Several prestigious local, state, and national organizations have recently honored NJ Spotlight’s in-depth public policy news coverage with special recognition

NJ Spotlight, the state’s premier public policy news source, won a regional Edward R. Murrow award from the Radio Television Digital News Association for small online news organization. The site was also named best independent online publication by the New Jersey Society for Professional Journalists.

In addition, the League of Women Voters of New Jersey presented the “Making Democracy Work” award to NJ Spotlight May 1st for “outstanding work and dedication to serving the community.”

As part of the award, NJ Spotlight also received a joint legislative resolution paying “tribute to NJ Spotlight’s outstanding history of service and leadership as one of this state’s premier online news and public policy sources.”

“We are gratified by all this recognition,” said Lee Keough, NJ Spotlight’s editor in-chief. “It shows that even a small nonprofit like us can do meaningful work that gets notice and makes an impact. We’re also thrilled that so many of our partner organizations have been getting notice for the important work they are doing.”

In particular, Keough said, NJ Spotlight was excited by the news that partner WNYC received a Peabody Award -- major national kudos in the radio and television world -- for coverage of the Fort Lee George Washington Bridge scandal. NJ Spotlight shares Sandy Recovery reporter Scott Gurian with WNYC, and his work was part of the winning package.

“Content partnerships have been key to our success from the very beginning,” said NJ Spotlight Founding Editor and CEO John Mooney. “In a rapidly shifting media landscape where resources are limited, collaborations are crucial to making sure the public stays informed. We are so happy for WNYC’s well-deserved honors.”

Here’s full list of individual award-winners from contests run by the Garden State Journalists Association and the New Jersey Society for Professional Journalists:

  • The Garden State Journalists Association gave former NJ Spotlight reporter Mark Magyar “The Hildy Johnson Award” for his analysis, “What’s Wrong with Chris Christie’s Government?” This marks the second year in a row that Magyar has received this particular honor.

  • First-place investigative laurels went to Gurian for his coverage of a flawed Sandy energy-grant program. Gurian’s investigation, published in March 2014, found that state grants to communities across the state in the aftermath of Hurricane Sandy did not follow the state’s own guidelines. Later in the year, the state revised its numbers. A related radio piece also earned Gurian a first-place investigative radio award.

  • Gurian also won two first-place awards from the New Jersey Society for Professional Journalists. One was in the Health/Science/Technology category for his story on the debate over Fenimore Landfill in Roxbury Township, where many feel Sandy debris is poisoning residents. The other was in the Online Feature Reporting category for a piece on how the elusive “substantial damage” letter was making recovery difficult for some Sandy survivors.

  • Columnist Daniel Van Abs won first place in online commentary in the state SPJ’s contest for a series of essays on water quality in New Jersey.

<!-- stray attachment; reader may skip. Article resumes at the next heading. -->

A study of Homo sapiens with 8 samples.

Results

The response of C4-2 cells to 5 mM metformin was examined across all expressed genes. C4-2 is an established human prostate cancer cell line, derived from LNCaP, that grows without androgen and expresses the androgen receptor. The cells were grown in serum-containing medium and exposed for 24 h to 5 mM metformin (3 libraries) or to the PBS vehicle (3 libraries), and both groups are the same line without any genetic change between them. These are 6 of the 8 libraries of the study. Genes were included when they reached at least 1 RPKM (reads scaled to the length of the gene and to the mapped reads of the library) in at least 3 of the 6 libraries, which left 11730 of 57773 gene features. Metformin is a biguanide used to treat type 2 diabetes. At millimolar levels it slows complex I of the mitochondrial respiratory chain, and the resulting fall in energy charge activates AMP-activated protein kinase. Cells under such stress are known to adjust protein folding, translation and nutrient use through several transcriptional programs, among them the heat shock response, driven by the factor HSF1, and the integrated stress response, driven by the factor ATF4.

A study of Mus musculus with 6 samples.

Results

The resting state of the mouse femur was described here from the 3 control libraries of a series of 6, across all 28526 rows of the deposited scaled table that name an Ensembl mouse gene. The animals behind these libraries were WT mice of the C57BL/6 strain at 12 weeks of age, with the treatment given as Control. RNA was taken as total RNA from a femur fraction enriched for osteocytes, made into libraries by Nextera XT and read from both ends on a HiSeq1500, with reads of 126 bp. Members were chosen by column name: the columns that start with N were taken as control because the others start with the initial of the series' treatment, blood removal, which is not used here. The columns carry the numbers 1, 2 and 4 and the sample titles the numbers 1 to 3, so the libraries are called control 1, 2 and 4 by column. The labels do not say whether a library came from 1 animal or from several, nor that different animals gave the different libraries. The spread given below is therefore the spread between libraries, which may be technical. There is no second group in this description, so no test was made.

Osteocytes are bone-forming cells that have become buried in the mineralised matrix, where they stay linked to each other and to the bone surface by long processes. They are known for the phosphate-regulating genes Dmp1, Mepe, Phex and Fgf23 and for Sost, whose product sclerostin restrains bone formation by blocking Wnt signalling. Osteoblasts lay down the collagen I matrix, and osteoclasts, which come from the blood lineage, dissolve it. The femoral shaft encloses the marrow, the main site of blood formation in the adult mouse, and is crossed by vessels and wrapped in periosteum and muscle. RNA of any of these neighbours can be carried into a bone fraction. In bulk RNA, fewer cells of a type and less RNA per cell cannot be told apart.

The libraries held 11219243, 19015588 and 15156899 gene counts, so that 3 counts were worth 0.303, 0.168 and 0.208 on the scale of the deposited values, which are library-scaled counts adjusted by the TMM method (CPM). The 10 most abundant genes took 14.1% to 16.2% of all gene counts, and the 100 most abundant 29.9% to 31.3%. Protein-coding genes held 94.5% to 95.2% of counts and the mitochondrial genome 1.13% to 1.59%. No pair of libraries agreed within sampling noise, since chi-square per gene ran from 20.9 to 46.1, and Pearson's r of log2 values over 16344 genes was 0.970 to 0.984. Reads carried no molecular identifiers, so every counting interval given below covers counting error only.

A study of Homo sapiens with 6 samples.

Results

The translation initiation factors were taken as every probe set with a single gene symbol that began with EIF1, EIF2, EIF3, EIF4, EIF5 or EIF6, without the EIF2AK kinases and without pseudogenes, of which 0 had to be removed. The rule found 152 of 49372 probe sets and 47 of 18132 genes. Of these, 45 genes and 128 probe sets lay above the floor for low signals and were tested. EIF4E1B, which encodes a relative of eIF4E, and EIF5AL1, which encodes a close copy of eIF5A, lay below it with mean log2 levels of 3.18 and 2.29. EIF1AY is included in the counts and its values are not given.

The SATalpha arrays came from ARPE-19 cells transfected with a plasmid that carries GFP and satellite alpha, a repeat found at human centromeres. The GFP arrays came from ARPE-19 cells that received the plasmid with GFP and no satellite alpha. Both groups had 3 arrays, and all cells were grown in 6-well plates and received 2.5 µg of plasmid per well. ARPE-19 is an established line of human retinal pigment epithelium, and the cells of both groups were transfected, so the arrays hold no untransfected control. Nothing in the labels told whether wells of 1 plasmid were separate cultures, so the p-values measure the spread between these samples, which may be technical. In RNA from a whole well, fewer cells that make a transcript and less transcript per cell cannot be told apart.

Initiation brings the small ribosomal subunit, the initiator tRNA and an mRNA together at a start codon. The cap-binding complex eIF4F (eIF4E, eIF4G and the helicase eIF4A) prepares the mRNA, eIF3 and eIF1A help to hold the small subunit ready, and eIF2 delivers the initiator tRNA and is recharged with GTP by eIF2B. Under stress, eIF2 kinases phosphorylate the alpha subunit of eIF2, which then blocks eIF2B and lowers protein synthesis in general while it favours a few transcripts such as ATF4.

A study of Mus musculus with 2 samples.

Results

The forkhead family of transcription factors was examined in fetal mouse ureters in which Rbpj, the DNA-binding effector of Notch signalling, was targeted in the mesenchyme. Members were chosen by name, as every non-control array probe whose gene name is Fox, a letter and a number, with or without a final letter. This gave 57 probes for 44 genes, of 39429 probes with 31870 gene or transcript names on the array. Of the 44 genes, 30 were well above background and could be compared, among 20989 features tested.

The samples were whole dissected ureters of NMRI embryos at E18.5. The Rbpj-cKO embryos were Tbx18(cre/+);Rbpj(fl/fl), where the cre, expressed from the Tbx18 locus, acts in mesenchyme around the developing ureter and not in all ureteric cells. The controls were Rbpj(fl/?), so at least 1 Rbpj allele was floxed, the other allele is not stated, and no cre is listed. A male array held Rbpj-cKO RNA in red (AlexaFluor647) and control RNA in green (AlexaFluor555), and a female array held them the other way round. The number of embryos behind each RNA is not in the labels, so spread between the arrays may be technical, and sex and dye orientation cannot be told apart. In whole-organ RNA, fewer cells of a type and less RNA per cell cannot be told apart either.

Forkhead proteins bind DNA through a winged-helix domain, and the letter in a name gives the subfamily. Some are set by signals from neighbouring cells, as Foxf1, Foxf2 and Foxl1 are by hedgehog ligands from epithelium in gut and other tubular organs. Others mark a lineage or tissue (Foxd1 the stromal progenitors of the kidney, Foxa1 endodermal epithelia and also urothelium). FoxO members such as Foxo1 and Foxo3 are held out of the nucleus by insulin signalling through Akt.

• NJ Spotlight Founding Editor and CEO John Mooney won a first place award for his coverage of Newark and state-run public schools.

  • Editor-At-Large Colleen O’Dea and the New Jersey News Commons were recognized for their comprehensive and timely work on Election Night 2014 with a first place in the category of online deadline reporting. O’Dea worked with the Commons at Montclair State University to create real-time election-result widgets embedded on the NJ Spotlight site and on hyperlocal sites across the state. In addition, O’Dea wrote a comprehensive roundup of election results statewide.

  • O’Dea also won a second-place award for her extensive pre-election coverage, particularly stories explaining the two questions New Jersey residents would see on their ballots.

  • NJ Spotlight Healthcare Writer Andrew Kitchenman took second place in GSJA’s business/financial category with his October story on the proposed merger of Hackensack University Health Network and Meridian Health .

  • Writer Meir Rinde received a second-place recognition in the Health/Science/Technology and Environmental reporting category from the New Jersey Society For Professional Journalists for his take on how big data is transforming today’s healthcare sector. The same story also received an honorable mention from the Garden State Journalists Association in the science/health/education category.

  • Energy and environment writer Tom Johnson received third-place recognition in online business reporting from the NJSPJ for his buyer-beware coverage of third-party energy providers in New Jersey.

  • Sara Neufeld of the Hechinger Report (a content partner of NJ Spotlight) took second place in the series category for “A Promise to Renew,” a collection of stories following the ups and downs of a Newark school for the past two years. Both Hechinger and NJ Spotlight published Neufeld’s report. One of the pieces from the series, “A Taste of Victory, Finally, At a Struggling Newark School,” also won third place in NJ SPJ’s online feature writing category.